Recent Blog Articles
Why all the buzz about inflammation — and just how bad is...
What’s the right way to brush your teeth?
Want to stay healthy over the holidays?
How to help your preschooler sleep alone
21 spices for healthy holiday foods
New guidelines on opioids for pain relief: What you need to know
Should you get an over-the-counter hearing aid?
Shortage of ADHD medicines: Advice on coping if you are affected
When replenishing fluids, does milk beat water?
Melasma: What are the best treatments?
In Brief: Retinol helps reverse normal skin aging
Retinol helps reverse normal skin aging
Throughout life, our skin helps shield us from the sun's ultraviolet rays, often at the price of premature aging (called photoaging), with its attendant lines, wrinkles, and brown spots. Many procedures and skin products are designed to address these effects, including retinoids — topical vitamin A–based drugs. Now research has found that retinol, one of the retinoid compounds, can also help counter the signs of skin aging that's unrelated to the sun, including fine wrinkles, roughness, and skin looseness. The findings, published in the May 2007 Archives of Dermatology, suggest that in addition to improving the appearance of older skin, retinol may also increase its durability and capacity to heal. The implications of these findings are particularly important given the rapidly rising number of older Americans.
Researchers at the University of Michigan Medical School tested retinol in a six-month randomized controlled trial involving 36 men and women, ages 80 to 96. For 24 weeks, three times a week, study personnel applied a lotion containing 0.4% retinol (a minimal dose) to the inner portion of each participant's left or right upper arm (lotion without retinol was used on the other arm). After two, four, eight, 16, and 24 weeks, dermatologists who didn't know which arms had been treated with retinol compared the two arms for roughness, fine wrinkles, and overall severity of aging.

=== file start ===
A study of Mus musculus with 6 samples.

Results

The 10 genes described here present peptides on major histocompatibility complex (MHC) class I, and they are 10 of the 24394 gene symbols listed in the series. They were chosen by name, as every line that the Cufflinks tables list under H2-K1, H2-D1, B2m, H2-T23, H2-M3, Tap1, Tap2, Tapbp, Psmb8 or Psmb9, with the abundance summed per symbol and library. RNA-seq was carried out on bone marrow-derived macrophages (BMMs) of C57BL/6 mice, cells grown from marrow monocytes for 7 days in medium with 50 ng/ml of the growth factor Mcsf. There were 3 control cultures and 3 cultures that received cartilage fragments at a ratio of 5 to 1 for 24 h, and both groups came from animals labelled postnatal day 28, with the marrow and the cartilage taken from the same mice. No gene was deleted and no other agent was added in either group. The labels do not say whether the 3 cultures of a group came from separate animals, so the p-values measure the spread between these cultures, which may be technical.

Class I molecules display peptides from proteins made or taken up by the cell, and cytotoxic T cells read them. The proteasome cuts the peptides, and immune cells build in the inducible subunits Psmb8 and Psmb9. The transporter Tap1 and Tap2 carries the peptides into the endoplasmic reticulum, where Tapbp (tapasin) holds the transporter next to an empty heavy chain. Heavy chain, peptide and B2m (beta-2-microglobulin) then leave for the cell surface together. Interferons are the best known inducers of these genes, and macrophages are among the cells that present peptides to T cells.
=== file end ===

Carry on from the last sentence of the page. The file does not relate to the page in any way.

To continue reading this article, you must log in.
Subscribe to Harvard Health Online for immediate access to health news and information from Harvard Medical School.
- Research health conditions
- Check your symptoms
- Prepare for a doctor's visit or test
- Find the best treatments and procedures for you
- Explore options for better nutrition and exercise
I'd like to receive access to Harvard Health Online for only $4.99 a month.Sign Me Up
Already a member? Login ».
As a service to our readers, Harvard Health Publishing provides access to our library of archived content. Please note the date of last review or update on all articles.
No content on this site, regardless of date, should ever be used as a substitute for direct medical advice from your doctor or other qualified clinician.
Free Healthbeat Signup
Get the latest in health news delivered to your inbox!